The Great Texas Eclipse! Here’s what you’ll see April 8 during the total solar eclipse

The path of totality features an experience like no other

The lines matter:

31.8 million people in the United States live in the path of totality for the total solar eclipse happening in April. In Texas, 12.8 million people live between the lines. This is the next ‘Great American Eclipse!’ And we’re also calling it the ‘Great Texas Eclipse!’

How to watch: Special coverage of Monday’s ‘Great Texas Eclipse’ from KPRC

Where will you be this day? This decision is the difference between seeing something cool, to having an overwhelming emotional experience.

Some of the larger Texas cities in the path of totality (KPRC 2)
If you are staying in Houston:

Houston’s population is 2.3 million people. If everyone stayed home, you’d see a partial eclipse with 94% of the sun covered at 1:40 PM. The sun and the moon will be at 67° as you look south. Houston is 124 miles away from the nearest line of totality. If you don’t already have plans, an early morning trip will be worth what you’ll see.

Look south 67° above the horizon (KPRC 2)
1:40 PM is when the sun is 94% eclipsed (KPRC 2)
The path of totality:

The moon travels at twice the speed of sound with a ground velocity more than 2,000 miles per hour. As the umbral shadow passes over Texas, the sights you’ll see are truly remarkable. And unlike the 2017 total eclipse, the path is larger and the time to see totality is longer.

The total eclipse starts in Texas at 1:27 PM CDT. Eagle Pass, Texas is the first place to experience the awe-inspiring view of the moon blocking out the sun.

Eagle Pass, Texas is first at 1:27 PM CDT (Copyright 2024 by KPRC Click2Houston - All rights reserved.)
What you’ll see first and last - The Diamond Ring Effect:

Moments before totality begins, as the last of the sun’s light goes into the moon’s shadow a “diamond ring” in the sky appears. To me, this is the most memorable and striking thing you’ll see. It only lasts a brief moment and serves as a reminder to take off your solar eclipse glasses to see the total eclipse.

My favorite part of a total solar eclipse
2nd Baily’s Beads:

Another spectacular site that only lasts a few moments are Baily’s Beads. These are named after Sir Frances Baily who was the first to describe them in 1836. These occur as the sun’s light pass through the low lying valleys of the moon. The moon is rugged with craters covering the outer edges. People who witness totality from the outside lines get a much better view than those on the center line. San Antonio, Austin and Fort Worth should see plenty of these beads.

Beads are top right part of the image.
3rd Totality - Seeing the sun’s corona:

During totality we get a rare look at the sun’s outer most atmosphere. It is intricate and feathery made up of free electrons and protons that are trapped in the sun’s loopy and streaky magnetic field. The sun is 1,000 times brighter than the corona. This brilliance overwhelms the corona so the only time we can see it is during a total solar eclipse.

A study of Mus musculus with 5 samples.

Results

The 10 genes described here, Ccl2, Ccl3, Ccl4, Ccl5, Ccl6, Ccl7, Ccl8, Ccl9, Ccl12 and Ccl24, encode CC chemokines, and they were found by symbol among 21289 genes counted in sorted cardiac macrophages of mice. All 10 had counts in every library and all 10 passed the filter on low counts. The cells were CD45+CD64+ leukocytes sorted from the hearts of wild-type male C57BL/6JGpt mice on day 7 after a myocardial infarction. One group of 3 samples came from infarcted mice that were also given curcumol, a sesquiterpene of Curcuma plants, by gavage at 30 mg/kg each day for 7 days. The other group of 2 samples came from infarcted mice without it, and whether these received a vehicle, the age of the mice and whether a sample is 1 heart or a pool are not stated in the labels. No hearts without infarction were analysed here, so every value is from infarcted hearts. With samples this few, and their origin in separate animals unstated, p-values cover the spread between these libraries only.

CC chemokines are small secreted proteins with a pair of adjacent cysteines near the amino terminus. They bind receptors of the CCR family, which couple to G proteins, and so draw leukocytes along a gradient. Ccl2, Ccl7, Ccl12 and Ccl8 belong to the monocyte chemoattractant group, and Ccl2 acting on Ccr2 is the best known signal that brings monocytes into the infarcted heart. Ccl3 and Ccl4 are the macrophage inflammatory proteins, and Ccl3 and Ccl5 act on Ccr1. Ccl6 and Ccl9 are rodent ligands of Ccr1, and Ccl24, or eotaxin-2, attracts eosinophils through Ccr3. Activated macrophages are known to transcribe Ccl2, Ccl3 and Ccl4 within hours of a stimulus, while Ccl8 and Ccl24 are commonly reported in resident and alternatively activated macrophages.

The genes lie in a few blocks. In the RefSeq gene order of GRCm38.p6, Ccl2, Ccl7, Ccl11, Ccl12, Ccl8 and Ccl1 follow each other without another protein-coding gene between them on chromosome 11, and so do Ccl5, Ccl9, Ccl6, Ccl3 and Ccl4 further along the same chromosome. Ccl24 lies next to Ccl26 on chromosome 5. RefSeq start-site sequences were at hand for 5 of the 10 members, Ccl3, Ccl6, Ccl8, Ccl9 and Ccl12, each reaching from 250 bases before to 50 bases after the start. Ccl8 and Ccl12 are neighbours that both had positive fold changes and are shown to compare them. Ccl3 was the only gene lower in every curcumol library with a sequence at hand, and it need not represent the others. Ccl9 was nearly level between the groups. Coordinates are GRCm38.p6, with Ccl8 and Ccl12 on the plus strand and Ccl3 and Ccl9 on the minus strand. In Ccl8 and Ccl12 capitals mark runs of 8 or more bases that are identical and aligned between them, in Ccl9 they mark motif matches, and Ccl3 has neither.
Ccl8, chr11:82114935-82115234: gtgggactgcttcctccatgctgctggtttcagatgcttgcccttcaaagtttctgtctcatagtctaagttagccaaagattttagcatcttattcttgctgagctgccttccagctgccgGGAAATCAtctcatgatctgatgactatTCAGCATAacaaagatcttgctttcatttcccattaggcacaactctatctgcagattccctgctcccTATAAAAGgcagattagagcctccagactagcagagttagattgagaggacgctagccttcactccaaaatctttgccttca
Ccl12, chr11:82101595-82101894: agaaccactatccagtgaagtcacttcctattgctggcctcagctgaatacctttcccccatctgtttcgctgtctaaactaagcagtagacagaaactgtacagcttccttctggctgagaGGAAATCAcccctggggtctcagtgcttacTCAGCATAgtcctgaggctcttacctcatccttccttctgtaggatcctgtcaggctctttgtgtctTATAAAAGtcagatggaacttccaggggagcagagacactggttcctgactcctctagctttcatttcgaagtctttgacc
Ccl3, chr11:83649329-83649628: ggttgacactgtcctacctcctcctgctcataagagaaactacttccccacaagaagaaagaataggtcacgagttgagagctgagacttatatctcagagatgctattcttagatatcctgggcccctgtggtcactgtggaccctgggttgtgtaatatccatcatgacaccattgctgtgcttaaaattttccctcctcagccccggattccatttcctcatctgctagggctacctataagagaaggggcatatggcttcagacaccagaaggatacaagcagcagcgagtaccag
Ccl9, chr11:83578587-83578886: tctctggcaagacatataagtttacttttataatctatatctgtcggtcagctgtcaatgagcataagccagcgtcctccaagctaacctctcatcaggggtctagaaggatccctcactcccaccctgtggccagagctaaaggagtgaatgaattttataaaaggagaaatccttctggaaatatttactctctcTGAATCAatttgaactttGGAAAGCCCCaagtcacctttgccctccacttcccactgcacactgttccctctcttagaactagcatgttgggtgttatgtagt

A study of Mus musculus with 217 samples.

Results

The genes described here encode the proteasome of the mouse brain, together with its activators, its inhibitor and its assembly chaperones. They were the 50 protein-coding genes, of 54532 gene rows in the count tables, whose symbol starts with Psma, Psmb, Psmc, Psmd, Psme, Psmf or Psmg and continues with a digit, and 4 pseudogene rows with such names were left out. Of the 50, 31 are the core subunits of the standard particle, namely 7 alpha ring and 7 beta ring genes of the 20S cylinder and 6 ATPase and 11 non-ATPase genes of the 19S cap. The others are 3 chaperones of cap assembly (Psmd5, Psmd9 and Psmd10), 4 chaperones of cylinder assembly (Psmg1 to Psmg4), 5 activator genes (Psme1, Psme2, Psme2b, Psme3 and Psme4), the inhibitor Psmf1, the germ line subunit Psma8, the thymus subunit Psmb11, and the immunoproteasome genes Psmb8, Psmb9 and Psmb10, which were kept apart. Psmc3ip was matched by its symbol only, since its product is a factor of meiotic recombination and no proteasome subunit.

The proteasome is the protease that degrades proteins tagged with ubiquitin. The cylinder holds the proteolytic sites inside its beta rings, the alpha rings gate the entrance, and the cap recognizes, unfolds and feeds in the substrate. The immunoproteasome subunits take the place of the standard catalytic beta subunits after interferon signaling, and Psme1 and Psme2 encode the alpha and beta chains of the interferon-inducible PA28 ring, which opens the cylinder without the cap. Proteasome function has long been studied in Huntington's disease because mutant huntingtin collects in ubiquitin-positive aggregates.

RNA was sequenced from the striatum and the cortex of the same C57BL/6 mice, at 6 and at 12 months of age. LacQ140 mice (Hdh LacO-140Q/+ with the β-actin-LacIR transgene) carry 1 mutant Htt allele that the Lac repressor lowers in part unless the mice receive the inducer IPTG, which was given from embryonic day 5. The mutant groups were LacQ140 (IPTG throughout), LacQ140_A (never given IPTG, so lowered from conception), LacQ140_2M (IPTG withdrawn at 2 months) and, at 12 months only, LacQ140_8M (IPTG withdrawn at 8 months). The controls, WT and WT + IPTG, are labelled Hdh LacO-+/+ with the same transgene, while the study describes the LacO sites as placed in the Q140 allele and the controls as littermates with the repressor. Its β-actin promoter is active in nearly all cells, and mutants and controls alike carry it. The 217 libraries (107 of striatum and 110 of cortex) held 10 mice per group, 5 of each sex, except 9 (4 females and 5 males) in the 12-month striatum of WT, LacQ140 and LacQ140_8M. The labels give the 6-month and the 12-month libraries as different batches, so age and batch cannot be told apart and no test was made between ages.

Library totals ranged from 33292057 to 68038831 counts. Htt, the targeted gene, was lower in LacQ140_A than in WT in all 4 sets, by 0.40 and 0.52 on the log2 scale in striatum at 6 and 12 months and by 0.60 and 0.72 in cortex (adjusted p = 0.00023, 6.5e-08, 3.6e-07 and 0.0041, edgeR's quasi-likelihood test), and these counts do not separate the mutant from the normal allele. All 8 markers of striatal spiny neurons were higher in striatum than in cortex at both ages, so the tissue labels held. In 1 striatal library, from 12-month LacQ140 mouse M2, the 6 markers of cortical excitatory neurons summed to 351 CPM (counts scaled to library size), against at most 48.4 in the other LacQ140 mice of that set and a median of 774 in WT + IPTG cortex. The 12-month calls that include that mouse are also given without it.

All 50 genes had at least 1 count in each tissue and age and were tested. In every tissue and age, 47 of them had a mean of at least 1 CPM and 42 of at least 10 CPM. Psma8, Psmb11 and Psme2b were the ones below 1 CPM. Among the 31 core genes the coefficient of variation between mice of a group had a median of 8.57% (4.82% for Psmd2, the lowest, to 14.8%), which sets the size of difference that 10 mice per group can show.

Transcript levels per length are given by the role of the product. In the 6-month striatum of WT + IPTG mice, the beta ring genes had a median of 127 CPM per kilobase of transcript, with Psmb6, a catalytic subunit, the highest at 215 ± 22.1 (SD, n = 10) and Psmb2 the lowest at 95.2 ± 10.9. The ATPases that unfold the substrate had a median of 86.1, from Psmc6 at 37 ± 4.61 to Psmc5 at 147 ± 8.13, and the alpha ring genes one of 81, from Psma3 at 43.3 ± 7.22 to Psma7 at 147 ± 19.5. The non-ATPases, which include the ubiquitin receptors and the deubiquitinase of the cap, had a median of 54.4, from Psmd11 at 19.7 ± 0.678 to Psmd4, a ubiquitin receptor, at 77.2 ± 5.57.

The corona is hot! It is 2 million degrees compared to the surface of the sun which is 50,000°. Corona is Spanish for crown. The entire state of Texas gets more than 4 minutes to see this. Because are at solar maximum, the corona will be more brilliant than 2017. Pictures, no matter how good, can never capture what our eyes see of this spectacular site. Below is an example, from Killeen, Texas showing that this city will get 4 minutes and 16 seconds of totality. In Oregon, 2017, I got 58 seconds.

The corona as seen from Casper, Wyoming during the 2017 total solar eclipse
Total solar eclipse lasts 4 minutes and 16 seconds (Copyright 2023 by KPRC Click2Houston - All rights reserved.)
Also during totality - Prominences & the sun’s Chromosphere:

Prominences are large, bright, gaseous features that extend outward from the Sun’s surface into its outer atmosphere. They are manifestations of the Sun’s magnetic field interacting with its hot plasma. They look like flares erupting from the sun. These are easier to see with a telescope or binoculars.

Courtesy: Houston Museum of Natural Science

The Chromosphere, or sphere of color, comes from hydrogen atoms. It is a crimson, pink color. Both prominences and the chromosphere are mostly seen on the outer edge of the line of totality and occur the moments after totality starts and right before it ends.

In prime locations you can see this pinkish color outline the entire sun.
The end of totality:

As totality comes to an end, you’ll experience everything described above in reverse order. Seeing the diamond ring effect one more time signifies totality is over.

One last thing:

To see the eclipse, you need special ISO certified glasses. We are giving away 10,000 KPRC 2 glasses Spring Break week for free. Here is how you get a pair.

Planning to travel somewhere for the total solar eclipse? Bookmark our Click2Pins page and share your photos and videos!

About the Author

Two-time Emmy award winning meteorologist and recipient of the 2022 American Meteorological Society’s award for Excellence in Science Reporting by a Broadcast Meteorologist.